Every so often, a dog or cat comes into our office with a bulging, red eye, and their owner’s concerns about glaucoma, tumors, or other generally bad problems. Then, our Veterinary Vision Center team completes their exam, and lets the pet owner know that the eye, in fact, is totally normal. How can this be? Pets may develop swelling behind the eye (i.e., the retrobulbar space) that pushes the eye forward, and causes an abnormal appearance (i.e., exophthalmia). Causes are unrelated to the eye, and may be rooted in a dental health issue. In light of February being National Pet Dental Health Month, here is a quick guide to bring awareness to this more-common-than-you-think problem.

What is a pet retrobulbar abscess?

A retrobulbar abscess is an infection that occurs in the space behind or around the eye. Inflammatory debris—commonly known as “pus”—builds up, the swelling pushes the eye out of place, and the eye becomes swollen and red. Sometimes an inflammatory process or foreign object migration causes swelling without infection or debris. Without infection, the condition is called retrobulbar cellulitis, but both conditions present with similar signs and are treated similarly. While a retrobulbar abscess appears to be an eye problem, the eye itself is usually normal. 

What causes a pet retrobulbar abscess?

Most commonly, an abscess forms because of infection in a nearby structure like a tooth root or nasal passage. Dogs and cats have an “incomplete” orbit or eye socket, meaning that bone surrounds the eye on only three out of four sides. The bottom portion is lined only with soft tissue, so infection and foreign objects can penetrate from the roof of the mouth. Pets with an infection or abscess in their upper molar teeth, which can occur after a tooth fracture or with advanced dental disease, can develop an adjacent retrobulbar abscess. Pets who chew hard or foreign objects, or sticks, are at risk for developing retrobulbar cellulitis or abscess simply from the excessive chewing, or from foreign material migration into the orbit.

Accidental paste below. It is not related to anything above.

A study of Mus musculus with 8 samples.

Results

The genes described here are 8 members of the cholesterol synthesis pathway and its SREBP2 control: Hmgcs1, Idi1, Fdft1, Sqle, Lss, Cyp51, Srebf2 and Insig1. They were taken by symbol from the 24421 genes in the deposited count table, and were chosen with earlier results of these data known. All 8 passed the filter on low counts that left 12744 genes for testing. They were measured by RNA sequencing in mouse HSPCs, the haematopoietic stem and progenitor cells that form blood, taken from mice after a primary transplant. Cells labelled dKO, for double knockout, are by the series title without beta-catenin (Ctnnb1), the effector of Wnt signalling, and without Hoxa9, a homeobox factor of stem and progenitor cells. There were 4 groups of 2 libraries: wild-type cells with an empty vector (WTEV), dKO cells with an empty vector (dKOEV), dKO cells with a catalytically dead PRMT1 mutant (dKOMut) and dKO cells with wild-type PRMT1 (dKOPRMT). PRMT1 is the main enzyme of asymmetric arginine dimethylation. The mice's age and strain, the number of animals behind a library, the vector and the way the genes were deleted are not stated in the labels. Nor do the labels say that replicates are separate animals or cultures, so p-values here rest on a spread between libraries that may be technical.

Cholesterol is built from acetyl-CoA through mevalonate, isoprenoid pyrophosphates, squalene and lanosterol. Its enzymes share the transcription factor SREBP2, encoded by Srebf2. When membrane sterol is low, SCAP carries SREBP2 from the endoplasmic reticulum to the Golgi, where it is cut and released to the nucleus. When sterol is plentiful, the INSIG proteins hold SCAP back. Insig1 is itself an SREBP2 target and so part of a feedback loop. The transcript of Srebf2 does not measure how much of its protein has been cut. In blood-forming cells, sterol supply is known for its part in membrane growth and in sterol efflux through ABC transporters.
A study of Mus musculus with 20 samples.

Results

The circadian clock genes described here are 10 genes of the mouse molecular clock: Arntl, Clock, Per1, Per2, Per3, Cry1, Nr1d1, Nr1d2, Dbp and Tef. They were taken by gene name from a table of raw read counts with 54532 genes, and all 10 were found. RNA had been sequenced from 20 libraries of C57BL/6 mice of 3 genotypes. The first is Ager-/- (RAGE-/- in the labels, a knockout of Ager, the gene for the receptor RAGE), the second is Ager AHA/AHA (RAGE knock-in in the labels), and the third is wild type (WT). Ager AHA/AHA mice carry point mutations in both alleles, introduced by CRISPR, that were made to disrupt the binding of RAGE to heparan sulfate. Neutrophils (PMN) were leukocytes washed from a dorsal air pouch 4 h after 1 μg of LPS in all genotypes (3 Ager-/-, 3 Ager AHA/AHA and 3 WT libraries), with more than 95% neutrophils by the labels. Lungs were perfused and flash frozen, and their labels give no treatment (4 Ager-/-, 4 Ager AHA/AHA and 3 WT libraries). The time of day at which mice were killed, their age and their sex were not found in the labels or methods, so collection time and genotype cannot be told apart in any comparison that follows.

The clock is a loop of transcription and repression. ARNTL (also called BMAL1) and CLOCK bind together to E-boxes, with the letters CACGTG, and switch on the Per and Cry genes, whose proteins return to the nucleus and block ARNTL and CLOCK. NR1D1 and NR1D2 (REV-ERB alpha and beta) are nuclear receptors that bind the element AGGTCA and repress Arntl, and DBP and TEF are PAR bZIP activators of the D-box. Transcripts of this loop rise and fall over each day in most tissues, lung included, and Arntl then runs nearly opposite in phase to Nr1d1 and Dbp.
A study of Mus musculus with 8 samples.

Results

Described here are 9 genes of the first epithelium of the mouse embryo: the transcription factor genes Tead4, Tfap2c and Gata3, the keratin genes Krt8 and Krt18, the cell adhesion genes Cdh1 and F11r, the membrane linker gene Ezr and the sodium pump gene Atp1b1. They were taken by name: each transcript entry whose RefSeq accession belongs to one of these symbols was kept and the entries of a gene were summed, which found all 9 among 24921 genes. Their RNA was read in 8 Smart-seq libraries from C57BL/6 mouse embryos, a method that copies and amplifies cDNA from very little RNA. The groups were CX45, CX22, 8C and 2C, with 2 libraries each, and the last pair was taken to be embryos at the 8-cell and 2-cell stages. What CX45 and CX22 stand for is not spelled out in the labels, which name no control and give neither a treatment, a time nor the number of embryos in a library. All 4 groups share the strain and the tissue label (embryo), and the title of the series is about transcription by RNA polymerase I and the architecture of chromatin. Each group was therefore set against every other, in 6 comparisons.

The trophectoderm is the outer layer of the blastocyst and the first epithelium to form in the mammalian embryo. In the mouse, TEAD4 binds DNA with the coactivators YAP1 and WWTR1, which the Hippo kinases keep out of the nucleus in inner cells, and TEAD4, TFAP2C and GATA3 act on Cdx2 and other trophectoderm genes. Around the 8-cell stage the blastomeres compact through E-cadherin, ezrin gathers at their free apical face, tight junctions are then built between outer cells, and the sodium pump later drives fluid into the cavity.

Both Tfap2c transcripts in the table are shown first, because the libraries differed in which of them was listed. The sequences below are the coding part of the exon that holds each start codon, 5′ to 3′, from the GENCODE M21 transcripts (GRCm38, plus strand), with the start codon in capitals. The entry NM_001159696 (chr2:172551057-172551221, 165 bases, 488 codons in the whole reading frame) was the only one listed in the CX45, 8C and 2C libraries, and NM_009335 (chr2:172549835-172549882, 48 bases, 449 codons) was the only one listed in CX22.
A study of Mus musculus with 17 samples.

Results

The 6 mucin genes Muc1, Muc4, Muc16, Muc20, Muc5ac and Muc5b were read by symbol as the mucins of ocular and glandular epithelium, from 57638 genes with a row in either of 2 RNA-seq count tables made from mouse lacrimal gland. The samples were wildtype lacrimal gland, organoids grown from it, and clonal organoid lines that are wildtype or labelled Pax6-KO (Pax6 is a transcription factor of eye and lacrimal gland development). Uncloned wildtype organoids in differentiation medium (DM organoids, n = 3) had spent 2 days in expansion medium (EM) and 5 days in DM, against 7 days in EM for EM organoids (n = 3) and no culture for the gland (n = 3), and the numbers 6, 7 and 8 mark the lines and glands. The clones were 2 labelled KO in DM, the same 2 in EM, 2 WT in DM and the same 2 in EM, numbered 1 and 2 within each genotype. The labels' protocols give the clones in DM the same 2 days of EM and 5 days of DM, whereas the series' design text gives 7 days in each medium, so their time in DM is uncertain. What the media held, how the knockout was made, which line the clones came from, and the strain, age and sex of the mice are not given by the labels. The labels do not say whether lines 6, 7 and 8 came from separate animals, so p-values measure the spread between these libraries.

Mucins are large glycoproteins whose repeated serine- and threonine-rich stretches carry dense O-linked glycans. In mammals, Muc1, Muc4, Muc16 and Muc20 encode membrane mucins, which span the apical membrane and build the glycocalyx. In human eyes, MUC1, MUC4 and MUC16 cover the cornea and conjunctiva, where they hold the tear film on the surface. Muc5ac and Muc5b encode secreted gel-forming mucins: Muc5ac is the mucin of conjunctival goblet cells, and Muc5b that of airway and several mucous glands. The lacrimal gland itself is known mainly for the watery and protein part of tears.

How is a pet retrobulbar abscess diagnosed?

If you notice swelling around your pet’s eyes, a red eye, or pain when they open their jaw, or chew, call your veterinarian right away. Your veterinarian will ask you questions to narrow down the possible diagnoses, examine the eye area closely, and examine your pet’s mouth. If your pet is experiencing pain, sedation may be needed for the oral exam. 

A thorough eye exam is necessary to rule out a problem with the eye itself, and will include tonometry to check the intraocular pressure and rule out glaucoma, and fluorescein staining to check for ulcers, if your pet cannot close their eyelids completely. The eye is usually normal, but medication, such as a lubricating ointment, can protect the eye from the elements.

Testing for retrobulbar abscesses includes culture and sensitivity to allow selection of the proper antibiotics, and ultrasound, CT, or MRI imaging for patients who aren’t responding to therapy as expected, to rule out other problems like a tumor, or if a diagnosis is unclear. 

How is a pet retrobulbar abscess treated?

Most patients respond well to oral antibiotics and anti-inflammatories. Your veterinarian may also sedate or anesthetize your pet, to create a hole in the roof of the mouth, and allow debris to drain from the orbit. If a tooth root is the suspected cause, dental X-rays, cleaning, and extraction of the offending tooth is required. 

Sometimes, swelling and inflammation recurs after treatment, and medications or procedures may need repeating. In rare cases, when treatment is not working, or a foreign body is strongly suspected, pets may be referred to a veterinary ophthalmologist or surgeon, to explore surgery of the orbit, with or without eye removal. 

How can I prevent a retrobulbar abscess in my pet?

Depending on the cause, prevention may or may not be possible. Keeping up with good oral hygiene and regular dental exams will help you identify any fractured teeth that could lead to an infection or abscess. Don’t allow your dog to chew on sticks, mulch, or plant material that could migrate through the mouth into the orbit. If you notice any infection signs in or around the eyes, nose, or mouth, set up an appointment with your veterinarian to take care of the problem, before an abscess can develop.

Retrobulbar swelling, abscesses, and cellulitis are common in dogs and cats for a variety of reasons, but can be difficult to distinguish from other orbit and eye conditions. Your Veterinary Vision Center team can help! Call us to schedule an appointment if you notice any swelling, redness, or changes to your pet’s eyes, or if you have any other questions regarding  your pet’s ophthalmic care.